Privacy law changes, red privacy button on keyboardNew privacy laws to replace the Privacy Act 1993 are passing through Parliament. Digital technology has progressed so much that it is necessary to provide new measures of privacy protection for businesses that collect, store or use personal information about their employees and/or customers. This Privacy Bill is likely to come into effect by the end of this year.

The key privacy law changes that businesses should be aware of include:

  • The requirement to report data breaches. If any breach of data carries the risk of harm (such as leaked personal information being used in identity theft or published online), the business must notify the people affected as well as the Office of the Privacy Commissioner.
  • New Zealand businesses using overseas service providers must ensure those providers comply with New Zealand privacy laws, and that personal information sent overseas is protected by acceptable privacy measures.
  • The Privacy Commissioner will have the authority to shorten the timeframe in which a business must comply with investigations. Non-compliance will carry a penalty of $2,000 to $10,000.
  • If someone requests personal information held by a business, the business is not permitted to destroy that information as an attempt to avoid providing it. The proposed penalty for this is a fine of up to $10,000.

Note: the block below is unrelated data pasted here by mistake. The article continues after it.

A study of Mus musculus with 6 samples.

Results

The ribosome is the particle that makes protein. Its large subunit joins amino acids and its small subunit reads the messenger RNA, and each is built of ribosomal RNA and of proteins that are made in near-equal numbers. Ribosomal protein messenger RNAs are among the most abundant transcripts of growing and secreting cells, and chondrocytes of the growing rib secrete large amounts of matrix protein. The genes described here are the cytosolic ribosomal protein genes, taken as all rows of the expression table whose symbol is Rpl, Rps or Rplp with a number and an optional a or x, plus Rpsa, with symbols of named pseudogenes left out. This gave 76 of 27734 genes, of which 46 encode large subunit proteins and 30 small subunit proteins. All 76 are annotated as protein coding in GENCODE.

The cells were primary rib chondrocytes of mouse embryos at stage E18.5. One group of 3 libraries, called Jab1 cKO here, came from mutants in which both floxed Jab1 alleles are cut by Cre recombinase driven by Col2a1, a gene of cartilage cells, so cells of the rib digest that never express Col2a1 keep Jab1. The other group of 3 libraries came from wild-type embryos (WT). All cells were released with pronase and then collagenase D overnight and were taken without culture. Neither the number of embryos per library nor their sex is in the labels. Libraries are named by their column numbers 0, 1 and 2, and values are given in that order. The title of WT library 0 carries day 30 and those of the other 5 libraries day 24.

• The Privacy Commissioner will be able to issue compliance notices to require a business to do (or stop doing) something, and have the authority to make binding decisions on complaints regarding information access. This previously sat with the Human Rights Review Tribunal.

There are several steps your business can take to comply with the upcoming privacy law changes, including:

  • Ensuring you have an up-to-date privacy statement in place. The Office of the Privacy Commissioner has a Privacy Statement Generator to help create one.
  • Making sure that everyone knows what steps to take in the event of a serious privacy breach.
  • Ensuring personal information is stored and used in a safe and secure manner.
  • Contacting any overseas suppliers you deal with to find out if they comply with New Zealand’s privacy laws.
  • Considering appointing a privacy officer who will take responsibility for keeping up-to-date with the new privacy laws and deal with the business’ privacy issues as they arise.

For more information about the new privacy law changes, visit the Office of the Privacy Commissioner website.